Thursday, March 26, 2009

Autodesk's AutoCAD 2010 Review

San Rafael, California-based Autodesk recently announced the next version of its landmark AutoCAD application, this time called AutoCAD 2010. The Test Center spent some time looking at the Release Candidate beta, which launched Tuesday.
Installation isn't any different from most applications, with the typical defaults being fine for most users. The program can be installed on most versions of Windows XP with Service Pack 2 or 3 and Windows Vista with Service Pack 1. An application called AutoCAD VBA Enabler must also be installed afterward.

The first thing that jumps out at you when AutoCAD 2010 opens up is the large ribbon interface at the top of the screen. Introduced in the 2009 version, 2010's ribbon is chock-full of options that make it easy to find just about every tool or setting necessary. As reviewers were new to the AutoCAD world, the updated ribbon menus made experimenting with the program a little less daunting.

Since this was a downloaded beta release, there weren't any manuals (print or electronic) to help guide us, so the explanatory menus were helpful in navigating around.

After experiencing the tutorials in Autodesk's newest iteration of its Inventor Suite, we were disappointed not to find any built into this application. The help file did contain a link to tutorials on the company's Web site, but those hadn't been updated to the latest version yet. We suspect this will change when the program goes live.

Without any background using it, AutoCAD was a bit overwhelming for us. Still, we quickly figured out how to create basic three-dimensional objects and change their textures. As with Inventor, intuitive tools allow the user to manipulate the design in a 3-D environment and view it from any position or angle. Unfortunately, we didn't have enough time to learn how to experience all of the capabilities of this powerhouse.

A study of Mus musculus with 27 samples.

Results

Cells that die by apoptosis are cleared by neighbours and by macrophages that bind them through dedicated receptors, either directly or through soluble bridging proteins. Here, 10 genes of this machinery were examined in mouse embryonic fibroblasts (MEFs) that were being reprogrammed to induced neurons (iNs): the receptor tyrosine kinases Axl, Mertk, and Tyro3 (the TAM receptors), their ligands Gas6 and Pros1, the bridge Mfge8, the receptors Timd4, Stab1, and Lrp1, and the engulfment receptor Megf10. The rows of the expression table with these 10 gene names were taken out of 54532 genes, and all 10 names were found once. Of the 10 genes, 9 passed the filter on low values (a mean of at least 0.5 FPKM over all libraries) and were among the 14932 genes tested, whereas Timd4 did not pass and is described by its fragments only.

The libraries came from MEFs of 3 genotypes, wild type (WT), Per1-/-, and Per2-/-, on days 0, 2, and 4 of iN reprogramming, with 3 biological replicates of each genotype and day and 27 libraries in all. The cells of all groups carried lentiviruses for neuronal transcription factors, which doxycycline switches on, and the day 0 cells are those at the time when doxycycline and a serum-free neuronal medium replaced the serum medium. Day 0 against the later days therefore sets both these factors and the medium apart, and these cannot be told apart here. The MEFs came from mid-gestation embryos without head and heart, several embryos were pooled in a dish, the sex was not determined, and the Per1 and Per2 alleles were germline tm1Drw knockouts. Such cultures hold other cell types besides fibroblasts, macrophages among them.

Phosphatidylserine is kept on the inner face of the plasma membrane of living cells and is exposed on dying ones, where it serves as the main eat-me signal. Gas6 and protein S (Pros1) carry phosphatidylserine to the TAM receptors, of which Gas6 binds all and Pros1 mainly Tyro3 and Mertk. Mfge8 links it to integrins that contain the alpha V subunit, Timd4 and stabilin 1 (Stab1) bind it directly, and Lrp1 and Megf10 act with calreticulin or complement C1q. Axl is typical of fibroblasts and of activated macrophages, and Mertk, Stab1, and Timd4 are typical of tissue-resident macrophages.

Many of the new features are improvements of existing elements and include free-form design tools, constraint-based parametric drawing tools and enhanced PDF support. In addition, the program now supports 3-D printing.

Autodesk Design Review 2010 is also available as a free download, and allows for an all-digital design review process between team members.

Overall, in our short time learning to use AutoCAD 2010, it is clear that Autodesk is continuing to give its users what they want (or need). It is a mature, robust application that, although not for the layman, is designed to serve the needs of those who have a use for it. At the time of this writing, price and availability had not been announced.